Introduction to LabVIEW
LabVIEW (short for Laboratory Virtual Instrumentation Engineering Workbench) is a platform and development environment for a visual programming language from National Instruments. The graphical language is named “G”. Originally released for the Apple Macintosh in 1986, LabVIEW is commonly used for data acquisition, instrument control, and industrial automation on a variety of platforms including Microsoft Windows, various flavors of UNIX, Linux, and Mac OS X. The latest version of LabVIEW is version LabVIEW 2009 which was released in August 2009.
The programming language used in LabVIEW, also referred to as G, is a dataflow programming language. Execution is determined by the structure of a graphical block diagram (the LV-source code) on which the programmer connects different function-nodes by drawing wires. These wires propagate variables and any node can execute as soon as all its input data become available. Since this might be the case for multiple nodes simultaneously, G is inherently capable of parallel execution. Multi-processing and multi-threading hardware is automatically exploited by the built-in scheduler, which multiplexes multiple OS threads over the nodes ready for execution.
LabVIEW ties the creation of user interfaces (called front panels) into the development cycle. LabVIEW programs/subroutines are called virtual instruments (VIs). Each VI has three components: a block diagram, a front panel, and a connector panel. The last is used to represent the VI in the block diagrams of other, calling VIs. Controls and indicators on the front panel allow an operator to input data into or extract data from a running virtual instrument. However, the front panel can also serve as a programmatic interface. Thus a virtual instrument can either be run as a program, with the front panel serving as a user interface, or, when dropped as a node onto the block diagram, the front panel defines the inputs and outputs for the given node through the connector pane. This implies each VI can be easily tested before being embedded as a subroutine into a larger program.
The graphical approach also allows non-programmers to build programs simply by dragging and dropping virtual representations of lab equipment with which they are already familiar. The LabVIEW programming environment, with the included examples and the documentation, makes it simple to create small applications. This is a benefit on one side, but there is also a certain danger of underestimating the expertise needed for good quality “G” programming. For complex algorithms or large-scale code, it is important that the programmer possess an extensive knowledge of the special LabVIEW syntax and the topology of its memory management. The most advanced LabVIEW development systems offer the possibility of building stand-alone applications. Furthermore, it is possible to create distributed applications, which communicate by a client/server scheme, and are therefore easier to implement due to the inherently parallel nature of G-code.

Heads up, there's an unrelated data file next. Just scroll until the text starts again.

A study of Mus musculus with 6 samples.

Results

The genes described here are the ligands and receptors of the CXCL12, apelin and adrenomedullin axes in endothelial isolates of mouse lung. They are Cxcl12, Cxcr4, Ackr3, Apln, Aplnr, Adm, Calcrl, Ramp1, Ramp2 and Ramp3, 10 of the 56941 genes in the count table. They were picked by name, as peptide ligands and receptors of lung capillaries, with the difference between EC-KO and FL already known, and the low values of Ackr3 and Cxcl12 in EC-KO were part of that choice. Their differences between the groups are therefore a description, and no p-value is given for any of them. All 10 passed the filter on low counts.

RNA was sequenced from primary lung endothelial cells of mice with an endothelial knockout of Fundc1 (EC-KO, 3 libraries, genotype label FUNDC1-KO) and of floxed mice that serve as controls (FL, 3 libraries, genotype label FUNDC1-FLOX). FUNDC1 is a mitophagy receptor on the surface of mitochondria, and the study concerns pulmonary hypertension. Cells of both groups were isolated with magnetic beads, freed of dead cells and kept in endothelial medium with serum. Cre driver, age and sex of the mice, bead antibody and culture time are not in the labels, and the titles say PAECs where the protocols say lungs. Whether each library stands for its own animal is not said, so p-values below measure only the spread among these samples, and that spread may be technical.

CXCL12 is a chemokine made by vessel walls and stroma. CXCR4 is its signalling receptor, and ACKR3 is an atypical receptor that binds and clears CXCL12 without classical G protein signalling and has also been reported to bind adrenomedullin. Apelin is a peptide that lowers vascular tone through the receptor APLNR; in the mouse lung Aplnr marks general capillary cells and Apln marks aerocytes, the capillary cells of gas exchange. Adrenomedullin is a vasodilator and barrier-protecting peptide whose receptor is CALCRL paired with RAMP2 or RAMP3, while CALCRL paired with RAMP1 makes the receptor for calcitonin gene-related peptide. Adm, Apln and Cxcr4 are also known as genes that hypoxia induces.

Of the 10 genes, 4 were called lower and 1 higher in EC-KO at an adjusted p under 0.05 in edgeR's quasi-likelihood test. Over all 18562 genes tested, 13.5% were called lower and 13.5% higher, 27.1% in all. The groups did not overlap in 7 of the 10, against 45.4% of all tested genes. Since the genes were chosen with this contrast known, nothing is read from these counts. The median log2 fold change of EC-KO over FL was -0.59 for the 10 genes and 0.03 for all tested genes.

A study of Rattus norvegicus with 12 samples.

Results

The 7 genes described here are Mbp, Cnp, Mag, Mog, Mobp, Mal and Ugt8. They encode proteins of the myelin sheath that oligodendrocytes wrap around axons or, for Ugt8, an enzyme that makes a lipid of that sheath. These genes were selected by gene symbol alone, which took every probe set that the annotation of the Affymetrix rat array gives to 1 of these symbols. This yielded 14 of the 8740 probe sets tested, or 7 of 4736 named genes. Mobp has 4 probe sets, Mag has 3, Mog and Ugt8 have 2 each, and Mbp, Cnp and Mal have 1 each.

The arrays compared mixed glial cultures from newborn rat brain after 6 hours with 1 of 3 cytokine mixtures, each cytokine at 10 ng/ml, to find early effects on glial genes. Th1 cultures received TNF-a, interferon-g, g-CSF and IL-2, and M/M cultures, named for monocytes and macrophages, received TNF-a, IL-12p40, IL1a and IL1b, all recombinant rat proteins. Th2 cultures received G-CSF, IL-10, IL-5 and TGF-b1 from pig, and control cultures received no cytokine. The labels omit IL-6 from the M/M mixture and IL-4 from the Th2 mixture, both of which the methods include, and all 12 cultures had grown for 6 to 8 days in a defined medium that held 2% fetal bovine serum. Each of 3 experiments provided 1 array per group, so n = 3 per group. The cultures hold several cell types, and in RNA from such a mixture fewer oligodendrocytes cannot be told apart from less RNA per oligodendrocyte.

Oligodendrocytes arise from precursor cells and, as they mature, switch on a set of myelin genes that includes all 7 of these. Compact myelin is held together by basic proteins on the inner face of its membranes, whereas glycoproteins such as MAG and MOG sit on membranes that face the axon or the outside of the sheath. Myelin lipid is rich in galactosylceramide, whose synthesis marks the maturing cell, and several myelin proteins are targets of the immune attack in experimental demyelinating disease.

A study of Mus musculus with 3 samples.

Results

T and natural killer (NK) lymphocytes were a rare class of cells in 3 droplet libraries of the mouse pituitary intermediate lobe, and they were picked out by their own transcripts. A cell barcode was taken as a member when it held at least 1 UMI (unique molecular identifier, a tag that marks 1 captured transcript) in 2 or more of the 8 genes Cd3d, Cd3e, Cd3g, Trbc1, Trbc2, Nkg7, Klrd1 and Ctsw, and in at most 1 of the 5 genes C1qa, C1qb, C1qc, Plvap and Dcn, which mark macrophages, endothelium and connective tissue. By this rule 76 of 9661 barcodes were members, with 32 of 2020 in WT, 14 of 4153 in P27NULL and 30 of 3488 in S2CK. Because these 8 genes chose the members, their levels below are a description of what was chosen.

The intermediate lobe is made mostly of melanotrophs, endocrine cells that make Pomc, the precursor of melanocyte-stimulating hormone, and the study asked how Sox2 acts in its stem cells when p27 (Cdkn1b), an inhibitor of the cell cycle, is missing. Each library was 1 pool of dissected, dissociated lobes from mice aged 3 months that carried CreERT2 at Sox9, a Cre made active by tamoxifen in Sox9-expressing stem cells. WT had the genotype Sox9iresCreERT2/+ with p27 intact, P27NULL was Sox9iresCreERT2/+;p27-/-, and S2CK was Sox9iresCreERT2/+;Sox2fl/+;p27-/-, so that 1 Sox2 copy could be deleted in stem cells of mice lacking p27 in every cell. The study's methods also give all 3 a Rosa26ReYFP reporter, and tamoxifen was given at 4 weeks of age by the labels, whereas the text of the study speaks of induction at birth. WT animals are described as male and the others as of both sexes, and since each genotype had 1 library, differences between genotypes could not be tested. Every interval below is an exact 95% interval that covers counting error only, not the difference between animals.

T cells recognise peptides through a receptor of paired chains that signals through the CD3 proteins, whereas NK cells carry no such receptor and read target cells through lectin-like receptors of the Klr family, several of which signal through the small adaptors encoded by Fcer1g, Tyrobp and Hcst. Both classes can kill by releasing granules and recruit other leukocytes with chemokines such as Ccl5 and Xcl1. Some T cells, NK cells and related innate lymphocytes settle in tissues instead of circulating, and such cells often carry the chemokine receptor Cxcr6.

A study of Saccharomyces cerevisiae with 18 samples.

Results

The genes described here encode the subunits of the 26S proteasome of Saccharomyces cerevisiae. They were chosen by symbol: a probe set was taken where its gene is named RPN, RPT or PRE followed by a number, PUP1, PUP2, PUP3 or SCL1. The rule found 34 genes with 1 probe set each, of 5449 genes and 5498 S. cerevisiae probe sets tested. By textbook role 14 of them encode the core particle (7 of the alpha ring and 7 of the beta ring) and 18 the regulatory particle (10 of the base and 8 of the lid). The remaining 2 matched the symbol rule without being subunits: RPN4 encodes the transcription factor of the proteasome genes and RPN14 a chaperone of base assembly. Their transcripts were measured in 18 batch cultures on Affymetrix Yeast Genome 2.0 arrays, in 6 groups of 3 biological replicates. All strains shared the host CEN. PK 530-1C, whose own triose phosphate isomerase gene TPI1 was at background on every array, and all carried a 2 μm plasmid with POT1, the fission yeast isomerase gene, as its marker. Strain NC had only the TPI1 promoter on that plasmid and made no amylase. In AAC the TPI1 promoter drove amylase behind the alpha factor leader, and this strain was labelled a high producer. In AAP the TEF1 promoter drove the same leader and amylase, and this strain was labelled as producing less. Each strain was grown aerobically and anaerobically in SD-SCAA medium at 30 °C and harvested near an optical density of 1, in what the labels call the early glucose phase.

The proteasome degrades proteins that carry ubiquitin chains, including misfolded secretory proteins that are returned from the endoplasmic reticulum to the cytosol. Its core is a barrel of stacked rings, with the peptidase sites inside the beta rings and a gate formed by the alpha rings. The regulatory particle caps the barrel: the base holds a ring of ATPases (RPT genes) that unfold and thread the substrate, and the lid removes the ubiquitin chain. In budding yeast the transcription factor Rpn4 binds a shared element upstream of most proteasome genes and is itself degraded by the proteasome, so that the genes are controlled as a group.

One benefit of LabVIEW over other development environments is the extensive support for accessing instrumentation hardware. Drivers and abstraction layers for many different types of instruments and buses are included or are available for inclusion. These present themselves as graphical nodes. The abstraction layers offer standard software interfaces to communicate with hardware devices. The provided driver interfaces save program development time. The sales pitch of National Instruments is, therefore, that even people with limited coding experience can write programs and deploy test solutions in a reduced time frame when compared to more conventional or competing systems. A new hardware driver topology (DAQmxBase), which consists mainly of G-coded components with only a few register calls through NI Measurement Hardware DDK (Driver Development Kit) functions, provides platform independent hardware access to numerous data acquisition and instrumentation devices. The DAQmxBase driver is available for LabVIEW on Windows, Mac OS X and Linux platforms.
Role of LabVIEW Database in SPC Software
LabVIEW database allows for creating custom applications that interact with real world data or signals. In fields like manufacturing, engineering this is very beneficial, especially where the SPC Software is used. LabVIEW database as part of SPC software ensures that a higher quality is delivered where a process is concerned, in less time and fewer people involved.
It contains several components, a lot of which are necessary for any type of test, measurement or control application. These components include G Programming, hardware support, analysis and technical code libraries, technology abstraction, modes of computation, UI components and reporting tools. While SPC software helps maximize productivity of a process, LabVIEW in SPC Software ensures quick and easy use of the SPC software and also ensures faster processing of data and improve business productivity.
LabVIEW Database Connectivity Toolkit
LabVIEW offers an additional Toolkit called “LabVIEW Database Connectivity Toolkit”. With this toolkit you can communicate with different databases, such as SQL Server, Oracle, etc.
How IntraStage Can Help You?
IntraStage is middleware solution that seamlessly connects all of your LabVIEW testers, legacy testers, and manual entry stations into a centralized LabVIEW database. Once in the database, IntraStage provides off-the-shelf web reports for quality and yield, as well as exporting the data to tools like Excel, Minitab, and JMP. IntraStage also easily ties into enterprise systems, such as ORACLE, SAP and other MES/ERP systems. Now your internal team can develop test databases faster with IntraStage.